1935-2010: 75 years of Redemptorisit mission in Singapore and Malaysia
Singapore (AsiaNews) - This year the Redemptorists celebrate 75 years of their presence in Singapore and Malaysia. They arrived in British Malaysia in 1935 (pictured at the time), one of the darkest periods of its history, which saw the Second World War and mass killing, the Japanese occupation which led to poverty and hunger.
In a shattered world, they began to spread the love of God through their works. Over the years their presence has grown, and now they run parishes, care for prison inmates, follow the young and the elderly, and hold the famous Novena.
Saturday Novena is a real institution in Singapore and attracts thousands of people of different faiths, seeking the intercession of the Virgin Mary. Each week students, officials, affluent, Filipino domestic workers and even Hindus flock to the church on Thomson Road. It first began in 1949 and since then little has changed.
Father Peter Wee, a 30 year old Redemptorist tells AsiaNews that their goals are the same as they were in the beginning: to spread the Good News and pray for full redemption in Christ. "The methods may change - he says - and today we use modern technology such as Internet and texting to spread the Good News." "But we always want the people of God to experience the fullness of God's redemption, without distinction of social status, rich or poor, young or old, male or female, educated or not."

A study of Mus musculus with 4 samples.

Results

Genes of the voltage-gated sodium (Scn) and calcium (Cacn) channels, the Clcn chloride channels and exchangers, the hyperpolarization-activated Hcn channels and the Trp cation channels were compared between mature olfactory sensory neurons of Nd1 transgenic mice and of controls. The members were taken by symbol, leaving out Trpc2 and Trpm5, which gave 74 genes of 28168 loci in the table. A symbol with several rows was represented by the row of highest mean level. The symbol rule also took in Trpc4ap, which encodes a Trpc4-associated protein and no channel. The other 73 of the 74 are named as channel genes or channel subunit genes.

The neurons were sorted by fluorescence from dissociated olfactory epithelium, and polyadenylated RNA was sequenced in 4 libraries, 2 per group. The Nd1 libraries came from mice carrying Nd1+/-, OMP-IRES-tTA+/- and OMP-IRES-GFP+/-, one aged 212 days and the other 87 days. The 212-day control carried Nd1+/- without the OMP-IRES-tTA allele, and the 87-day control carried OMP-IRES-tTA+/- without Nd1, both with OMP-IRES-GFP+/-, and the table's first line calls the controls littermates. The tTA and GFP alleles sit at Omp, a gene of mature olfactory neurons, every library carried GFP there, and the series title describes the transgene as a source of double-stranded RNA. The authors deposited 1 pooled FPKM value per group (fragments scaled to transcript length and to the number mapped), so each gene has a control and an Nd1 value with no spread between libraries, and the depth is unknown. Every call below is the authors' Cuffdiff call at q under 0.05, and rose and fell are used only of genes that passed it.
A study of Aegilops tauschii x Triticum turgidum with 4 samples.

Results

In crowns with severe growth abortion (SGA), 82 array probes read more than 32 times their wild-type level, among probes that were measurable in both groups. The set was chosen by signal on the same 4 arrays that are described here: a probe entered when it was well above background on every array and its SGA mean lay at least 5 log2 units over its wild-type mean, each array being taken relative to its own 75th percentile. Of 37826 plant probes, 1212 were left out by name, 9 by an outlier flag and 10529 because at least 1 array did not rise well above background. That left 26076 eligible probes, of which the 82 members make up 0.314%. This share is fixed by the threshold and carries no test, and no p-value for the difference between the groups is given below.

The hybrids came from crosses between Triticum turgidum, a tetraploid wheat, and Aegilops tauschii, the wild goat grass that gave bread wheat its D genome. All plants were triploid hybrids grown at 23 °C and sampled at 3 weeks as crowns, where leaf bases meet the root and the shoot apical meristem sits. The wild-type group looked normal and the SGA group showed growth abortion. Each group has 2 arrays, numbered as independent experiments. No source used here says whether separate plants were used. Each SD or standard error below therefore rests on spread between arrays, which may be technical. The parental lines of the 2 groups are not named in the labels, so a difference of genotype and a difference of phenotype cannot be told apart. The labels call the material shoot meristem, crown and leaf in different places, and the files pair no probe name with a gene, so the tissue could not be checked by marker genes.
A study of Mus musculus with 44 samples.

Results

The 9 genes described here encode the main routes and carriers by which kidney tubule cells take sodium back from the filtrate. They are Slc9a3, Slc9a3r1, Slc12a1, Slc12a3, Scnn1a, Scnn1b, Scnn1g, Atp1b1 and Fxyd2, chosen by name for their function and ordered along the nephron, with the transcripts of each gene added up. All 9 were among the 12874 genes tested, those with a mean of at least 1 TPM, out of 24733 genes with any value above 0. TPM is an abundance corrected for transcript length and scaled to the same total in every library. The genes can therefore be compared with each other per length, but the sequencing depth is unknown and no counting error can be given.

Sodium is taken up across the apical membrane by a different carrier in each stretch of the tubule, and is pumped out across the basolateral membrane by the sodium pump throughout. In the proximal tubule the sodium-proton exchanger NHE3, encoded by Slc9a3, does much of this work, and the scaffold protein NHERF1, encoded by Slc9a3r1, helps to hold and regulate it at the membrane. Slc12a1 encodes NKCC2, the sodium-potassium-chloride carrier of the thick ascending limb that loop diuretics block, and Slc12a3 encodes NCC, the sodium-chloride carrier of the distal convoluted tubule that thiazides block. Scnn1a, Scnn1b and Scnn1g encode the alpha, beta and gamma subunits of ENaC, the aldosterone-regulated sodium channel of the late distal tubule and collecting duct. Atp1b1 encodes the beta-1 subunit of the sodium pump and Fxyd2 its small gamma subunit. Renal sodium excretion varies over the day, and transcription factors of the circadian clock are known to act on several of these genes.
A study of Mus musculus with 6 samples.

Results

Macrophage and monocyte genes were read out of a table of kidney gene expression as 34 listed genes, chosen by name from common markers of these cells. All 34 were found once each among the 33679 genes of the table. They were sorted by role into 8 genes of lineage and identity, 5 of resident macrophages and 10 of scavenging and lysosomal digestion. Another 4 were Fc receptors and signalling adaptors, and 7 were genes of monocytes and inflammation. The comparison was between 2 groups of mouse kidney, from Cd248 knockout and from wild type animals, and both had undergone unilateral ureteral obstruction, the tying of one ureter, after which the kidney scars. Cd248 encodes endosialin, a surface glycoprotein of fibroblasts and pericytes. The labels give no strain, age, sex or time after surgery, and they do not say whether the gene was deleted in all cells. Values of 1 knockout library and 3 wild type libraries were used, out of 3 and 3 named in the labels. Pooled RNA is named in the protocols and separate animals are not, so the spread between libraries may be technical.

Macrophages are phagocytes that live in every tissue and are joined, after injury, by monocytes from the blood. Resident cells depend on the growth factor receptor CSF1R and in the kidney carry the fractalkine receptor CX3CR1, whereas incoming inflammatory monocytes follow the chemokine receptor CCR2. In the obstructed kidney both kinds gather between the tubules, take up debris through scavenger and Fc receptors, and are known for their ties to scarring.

The Congregation of the Most Holy Redeemer or the Redemptorists, now wants to involve people through a musical on the life of its founder, St. Alphonsus de Liguori. It was staged in Kuala Lumpur and Singapoer to raise funds for earthquake victims in Haiti.
A book will also be published for the 75th anniversary entitled " To mark their 75th anniversary, the Redemptorists also launched a special book entitled ‘Tree of Redemption: People, Places, Pilgrims’. It details their journey of faith and service and includes vivid interviews with priests and devotees. The book features inspirational stories of people whose lives were changed by the Redemptorists. In one tale, a suicidal girl drops by the church to say goodbye. Unaware of her plans, a priest invites her for tea. His generosity of time makes her change her mind, and the girl goes home to tear up her suicide note.
The book also recalls the story of St. Alfonso and the foundation of the Order, as well as the arrival of the Redemptorists in Singapore.
Vice-Provincial Fr Patrick Massang tells AsiaNews that " They came with nothing except a zeal and passion to make God known to the most abandoned. After 75 years, the passion and zeal still continue to live on"." This celebration - he concludes – is not just for Redemptorists but a celebration for the Church of Singapore and Malaysia”.